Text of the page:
A Canadian study has discovered that coral is able to effectively record events in human history due to its ability to absorb the toxic metals released into the environment as a result of naval battles fought in their vicinity.
Now a team of scientists, led by Ruoyu Sun, a geochemist at Trent University in Peterborough, Canada, have found that corals in the South China Sea absorbed these metals, thus keeping a record of this, as well as future conflicts locked in their skeletons. Published in the journal ‘Environmental Science and Technology’, the findings provide a fascinating insight into how humans have been polluting the oceans throughout history.
The skeletons of hard corals are made of aragonite, a calcium carbonate mineral. As the coral grows, it absorbs additional calcium out of the water in order to build its skeleton. The result is that corals’ annual growth bands can be used to track the history of the organism, much like the rings of a tree. However, coral has also been shown to absorb certain metal pollutants – such as lead and mercury – alongside calcium, and consequently allows scientists to track when these metals were present in the water.
The research team extracted a 200 year-old core from a Porites lutea coral in the South China Sea, expecting the record to match those gathered from remote ice and peat samples: a gradual increase over time due to mining, coal combustion and later industrial production from the nineteenth century onwards. However, the record they found was very different. In the oldest parts of the core, dating from between 1800 and 1830, levels of mercury were low and relatively constant. From 1830 to the beginning of the twenty-first century, the amount of mercury incorporated into the skeleton repeatedly spiked – sometimes reaching concentrations four to 12 times higher than the baseline.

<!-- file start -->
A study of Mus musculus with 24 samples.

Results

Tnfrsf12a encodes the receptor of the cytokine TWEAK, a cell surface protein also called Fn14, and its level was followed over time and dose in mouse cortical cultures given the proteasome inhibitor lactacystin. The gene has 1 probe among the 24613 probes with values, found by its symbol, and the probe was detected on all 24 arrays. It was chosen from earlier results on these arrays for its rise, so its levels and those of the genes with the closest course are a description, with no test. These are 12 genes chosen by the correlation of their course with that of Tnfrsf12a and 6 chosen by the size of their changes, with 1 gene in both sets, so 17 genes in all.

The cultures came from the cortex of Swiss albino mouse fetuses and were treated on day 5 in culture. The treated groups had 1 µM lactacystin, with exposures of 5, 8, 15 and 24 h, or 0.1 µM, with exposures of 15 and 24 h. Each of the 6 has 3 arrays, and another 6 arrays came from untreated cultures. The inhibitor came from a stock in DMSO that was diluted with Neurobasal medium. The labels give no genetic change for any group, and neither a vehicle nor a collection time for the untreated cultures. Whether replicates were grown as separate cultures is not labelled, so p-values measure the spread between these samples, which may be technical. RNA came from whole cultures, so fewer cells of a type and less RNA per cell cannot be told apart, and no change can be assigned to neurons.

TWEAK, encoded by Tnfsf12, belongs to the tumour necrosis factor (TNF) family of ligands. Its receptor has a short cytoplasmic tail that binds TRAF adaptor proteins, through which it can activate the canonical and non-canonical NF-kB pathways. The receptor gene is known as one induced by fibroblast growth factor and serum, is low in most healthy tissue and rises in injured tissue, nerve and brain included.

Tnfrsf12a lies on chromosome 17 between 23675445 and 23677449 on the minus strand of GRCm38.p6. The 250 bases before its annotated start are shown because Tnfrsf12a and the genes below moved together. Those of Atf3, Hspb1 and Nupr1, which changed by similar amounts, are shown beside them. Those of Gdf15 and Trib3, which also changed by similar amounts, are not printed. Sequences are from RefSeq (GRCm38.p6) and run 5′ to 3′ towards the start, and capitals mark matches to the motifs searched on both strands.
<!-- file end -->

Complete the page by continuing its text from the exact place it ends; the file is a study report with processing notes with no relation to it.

By analysing these spikes further, the team were surprised to discover that they lined up precisely with a number of violent conflicts that took place in nearby China, specifically the First Opium War (1839-1842), Second Opium War (1856-1860) and the Second Sino-Japanese War/Second World War (1937-1945). The baseline also went up throughout the 1900s, probably due to increasing industrialisation, but was dwarfed by the wartime spikes.
But how did the mercury specifically end up being absorbed by the coral? The metal used in the production of weapons and explosives (as well as their detonation) could release mercury into the air. When the elemental form of mercury in the atmosphere encounters reactive chemicals, such as bromine ejected from the ocean via sea spray, it forms what researchers call ‘reactive gaseous mercury’ molecules. These then fall into the ocean, after which corals can absorb them into their skeletons.
However, there have been some reservations about the results – one large source of uncertainty is that although seeing a signal of wars in coral would not be impossible, Carl Lamborg, of the University of California, Santa Cruz, has argued that such a recording would require enormous inputs of mercury over time.
Moving forward, Sun and his team plans to look for more specific mercury isotopes in the coral archive. Different sources of mercury in the atmosphere, including from volcanoes, coal combustion, and explosives, contain different amounts of the element’s isotopes, he argues. Liquid mercury derived from the mineral cinnabar, which was used as an additive in many explosives in the nineteenth century, might have its own such fingerprint. ‘If that’s the same as the one in the corals then we’ll be sure,’ Sun concludes.